Identification, Images, & Information
For Insects, Spiders & Their Kin
For the United States & Canada
Clickable Guide
Moths Butterflies Flies Caterpillars Flies Dragonflies Flies Mantids Cockroaches Bees and Wasps Walkingsticks Earwigs Ants Termites Hoppers and Kin Hoppers and Kin Beetles True Bugs Fleas Grasshoppers and Kin Ticks Spiders Scorpions Centipedes Millipedes


Insects at Night

I live in Southeastern Pennsylvania and was wondering if I was to go out at night to some wooded areas if I should expect to find any certain insects not found during the day.

I would assume I might find moths and maybe certain spiders? I believe wolf spiders hunt at night.

But does do this? Doesn't seem at all practical, let alone safe in this day and age (you never know) to be wandering around in any wooded areas...

Also, I would imagine I'd need to bring a flash light, but I can just see myself scouring the brush with this flashlight and not finding much of anything let alone attracting strange attention to myself most likely.

Sugar mothing
How far are you from Bucks county?
Peace Valley Nature Center has a sugar mothing outing on July 29, 8:30 pm. You may be interested in joining the group; also, once you get there you can start making contacts to get permission to visit the park at night as Troy suggested. Their website: www.peacevalleynaturecenter.org

 
I'm in Delaware County so not
I'm in Delaware County so not that far away.

A "sugar mothing" outing? Hmm I will have to check that out.

What's that place like by the way when it comes to insect fauna?

I do it
When I take my mercury vapor lamp afield, I usually explore the general area while I wait on things to show up.

I recommend getting one of those small head lamps. That's critical for locating things because the light source needs to be close to your eyes to get a good reflection. Hold it in your hand and you won't get them.

Check out tree trunks. I often find stuff visible that hides in the cracks during the day. Some spiders only spin their webs at night.

I find that I'm the only one out generally, but I'm definitely on alert. Try securing permission to visit private preserves after dark. I have little luck with most county/state/federal areas, but most private preserves don't mind as long as they know you'll be there. Doesn't hurt to ask. Explaining what your intentions are can be difficult though. "You wanna do what!?"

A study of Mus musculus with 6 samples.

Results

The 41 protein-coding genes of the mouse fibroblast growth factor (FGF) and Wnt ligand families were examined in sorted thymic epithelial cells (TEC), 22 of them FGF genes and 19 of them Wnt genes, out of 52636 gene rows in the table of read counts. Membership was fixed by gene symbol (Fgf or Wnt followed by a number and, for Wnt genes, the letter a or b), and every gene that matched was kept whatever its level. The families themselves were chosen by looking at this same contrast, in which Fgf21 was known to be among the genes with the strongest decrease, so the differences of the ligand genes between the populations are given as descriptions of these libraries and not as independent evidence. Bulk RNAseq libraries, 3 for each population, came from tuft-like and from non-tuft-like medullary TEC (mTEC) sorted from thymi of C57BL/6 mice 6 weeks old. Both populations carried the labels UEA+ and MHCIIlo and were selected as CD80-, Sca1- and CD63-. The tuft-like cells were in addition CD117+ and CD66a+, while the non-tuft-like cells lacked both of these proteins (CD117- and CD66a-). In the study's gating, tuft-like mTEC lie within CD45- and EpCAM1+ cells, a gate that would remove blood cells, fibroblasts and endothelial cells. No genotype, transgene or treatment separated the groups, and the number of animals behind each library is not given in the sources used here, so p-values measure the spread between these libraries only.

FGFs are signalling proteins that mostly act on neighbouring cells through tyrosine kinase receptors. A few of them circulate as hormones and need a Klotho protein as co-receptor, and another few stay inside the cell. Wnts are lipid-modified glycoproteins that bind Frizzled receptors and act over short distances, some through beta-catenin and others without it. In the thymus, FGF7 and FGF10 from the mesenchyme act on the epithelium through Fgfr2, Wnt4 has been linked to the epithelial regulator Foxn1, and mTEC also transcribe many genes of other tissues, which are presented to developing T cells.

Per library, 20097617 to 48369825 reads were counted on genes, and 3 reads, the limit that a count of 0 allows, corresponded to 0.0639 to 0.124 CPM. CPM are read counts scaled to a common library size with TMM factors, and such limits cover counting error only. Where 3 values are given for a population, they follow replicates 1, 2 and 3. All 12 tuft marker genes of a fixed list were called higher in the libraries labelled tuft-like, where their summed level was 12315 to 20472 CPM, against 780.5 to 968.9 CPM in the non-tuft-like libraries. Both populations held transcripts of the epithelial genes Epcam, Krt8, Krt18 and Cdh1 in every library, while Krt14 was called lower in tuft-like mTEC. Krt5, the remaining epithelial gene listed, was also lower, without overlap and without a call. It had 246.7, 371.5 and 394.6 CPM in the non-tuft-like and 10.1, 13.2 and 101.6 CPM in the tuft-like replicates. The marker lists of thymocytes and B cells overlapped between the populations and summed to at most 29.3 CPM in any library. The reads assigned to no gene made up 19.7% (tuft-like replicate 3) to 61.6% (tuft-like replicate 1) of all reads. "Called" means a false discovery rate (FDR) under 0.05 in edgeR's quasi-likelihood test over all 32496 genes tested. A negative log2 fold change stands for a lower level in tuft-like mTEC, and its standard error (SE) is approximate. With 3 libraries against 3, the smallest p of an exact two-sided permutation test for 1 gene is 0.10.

Good luck,
-Troy

Night hike tips.
Many Cerambycidae and most fungus beetles are nocturnal, and not all come to lights. What I would do is go over a given area by day, and make note (or mark with a fluorescent ribbon) what I wanted to come back to and see at night. Freshly-killed or fallen trees would be on my list, as well as large patches of fungi.

night hikes
Went on many night hikes in Costa Rica. Lots of fascinating things out and about and they don't seem to frighten too easily. But we were always in a group. Not too many night hikes here in Chicago since the preserves are closed at dark, but we have managed a few night frog hikes! We did a night hike once in northern Tennessee and it was fascinating. The spiders have great eye shine, but the salamanders are astounding! To peek under a rock and see the huge eyes of a large Plethedon looking back is a great experience. We've done several night hikes in the Arizona desert. Have heard that scorpions fluoresce under a black light, but weren't able to find any to see. Did come across a Sonoran shovelnose snake and almost had a heart attack thinking it was a coral snake! And night paddles in Quetico Provincial Park in Ontario were certainly a big hit. Sometimes you got out just as the mayflies were hatching and you could catch even walleyes on a flyrod then. Walleye fillets for breakfast. That's livin'. So we say go. Take a friend. Take a couple of friends. Who knows what you see. Report back here and tell us your stories.

Comment viewing options
Select your preferred way to display the comments and click 'Save settings' to activate your changes.